Stealing the show

Emma Robertson

In Damien Chazelle’s hit movie musical “La La Land,” heartthrob Ryan Gosling and charmer Emma Stone come together to artfully portray two struggling performers living in the fast-paced world of Los Angeles, California.

Mia (Stone) is an aspiring actress who has been juggling auditions and her part-time job as a barista at a coffee shop on the Warner Bros. lot. Sebastian (Gosling) is a jazz musician who aspires to open his own jazz club in order to revive the music genre. The two are swept up into a whirlwind romance but must eventually choose between their relationship and their flourishing careers.

The musical opens with a dramatic dance number; people who are stuck in standstill traffic pour out of their cars and flood the streets, jumping, dancing and singing. The following few songs are also accompanied by strong choreography, all at the hands of choreographer Mandy Moore. However, as the movie progresses, the music transitions to softer pieces that use the lyrics to propel the plot. Composer Justin Hurwitz works in simple, yet hauntingly beautiful melodies that will get stuck in your head for days.

A standout feature of “La La Land” is the acting. Gosling and Stone play their characters with such ease that you may feel almost intrusive at times. In particular, during a scene in which Mia and Sebastian are arguing, it feels as if you are sitting in on a conversation you shouldn’t be because the argument is so realistic and intimate. The actors feel like real people, not like movie characters. They struggle like most young adults trying to begin a career, which makes them relatable.

The acting, however, is not the only aspect of “La La Land” that comes naturally. Gosling and Stone bring an unrefined sound to the musical numbers. You never question if Gosling and Stone are actually singing; their voices are left essentially untouched with very little voice correction. There are even moments when their voices crack, but it adds to the legitimacy of their characters.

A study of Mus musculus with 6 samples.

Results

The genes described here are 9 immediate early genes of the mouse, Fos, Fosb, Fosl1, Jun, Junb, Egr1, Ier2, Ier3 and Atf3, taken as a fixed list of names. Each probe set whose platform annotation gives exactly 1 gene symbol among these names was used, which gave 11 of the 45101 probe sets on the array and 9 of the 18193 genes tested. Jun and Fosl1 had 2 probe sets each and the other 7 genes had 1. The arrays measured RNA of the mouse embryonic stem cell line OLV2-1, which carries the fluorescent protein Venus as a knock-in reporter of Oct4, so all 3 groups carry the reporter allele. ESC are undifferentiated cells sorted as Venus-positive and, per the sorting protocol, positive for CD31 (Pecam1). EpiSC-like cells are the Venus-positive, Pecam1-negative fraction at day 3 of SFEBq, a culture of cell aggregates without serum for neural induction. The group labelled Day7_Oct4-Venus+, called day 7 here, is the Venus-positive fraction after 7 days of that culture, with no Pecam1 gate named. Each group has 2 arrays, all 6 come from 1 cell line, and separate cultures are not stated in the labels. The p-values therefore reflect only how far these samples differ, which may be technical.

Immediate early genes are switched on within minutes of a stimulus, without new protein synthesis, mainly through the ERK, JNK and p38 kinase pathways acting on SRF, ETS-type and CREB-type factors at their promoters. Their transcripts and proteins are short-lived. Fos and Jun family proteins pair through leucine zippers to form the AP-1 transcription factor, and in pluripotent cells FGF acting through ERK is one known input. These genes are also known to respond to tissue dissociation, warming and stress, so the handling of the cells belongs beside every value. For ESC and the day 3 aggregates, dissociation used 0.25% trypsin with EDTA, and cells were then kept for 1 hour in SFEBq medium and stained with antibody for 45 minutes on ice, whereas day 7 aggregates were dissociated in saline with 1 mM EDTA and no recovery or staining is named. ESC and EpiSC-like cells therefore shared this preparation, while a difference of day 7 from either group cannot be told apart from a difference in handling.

It seems as if Chazelle was really aiming to keep his plot realistic as well. In a movie that could easily have a storybook ending, Chazelle instead opts for an ending that will leave you disappointed, but unsurprised. In the final dance number, Mia and Sebastian float through the rest of their lives as if in a dream, but Chazelle snaps you back to reality to remind you that life is not always a dream.

Although “La La Land” is a beautiful musical in many ways, the cinematography is a work of art in and of itself. Between the lighting, the colors and the cinematography, “La La Land” felt very nostalgic and retro. In some scenes, the subjects were lit by the vibrant colors of a sunset and in others, by artificial lighting to create a more staged look. In some solo musical numbers, the lights would dim and a spotlight would rise in order to achieve a more personal atmosphere. The scenes were often long continuous shots and the camera moved with the subjects, rotating around them or sliding frwom one subject to another, rather than switching between shots. Not only does this technique display the genuine talent of the performers, but it also makes you feel as if you’re there watching the performances.

“La La Land” danced its way into the hearts of many, including Hollywood itself. It swept up a whopping seven awards at this year’s Golden Globes, winning every award it was nominated for. Additionally, the film was nominated for 14 Oscars, tying the all-time record. Chazelle captured young adulthood, romance, a dying music genre and the competitive nature of life in Hollywood. While most movies and musicals today have that “happily ever after” ending, it was refreshing to see a realistic one. Yes, “La La Land” may leave you slightly disappointed. However, with the nostalgic feel, the heart-wrenching love story and the artistic filming, I can guarantee “La La Land” is a movie you will want to see again and again.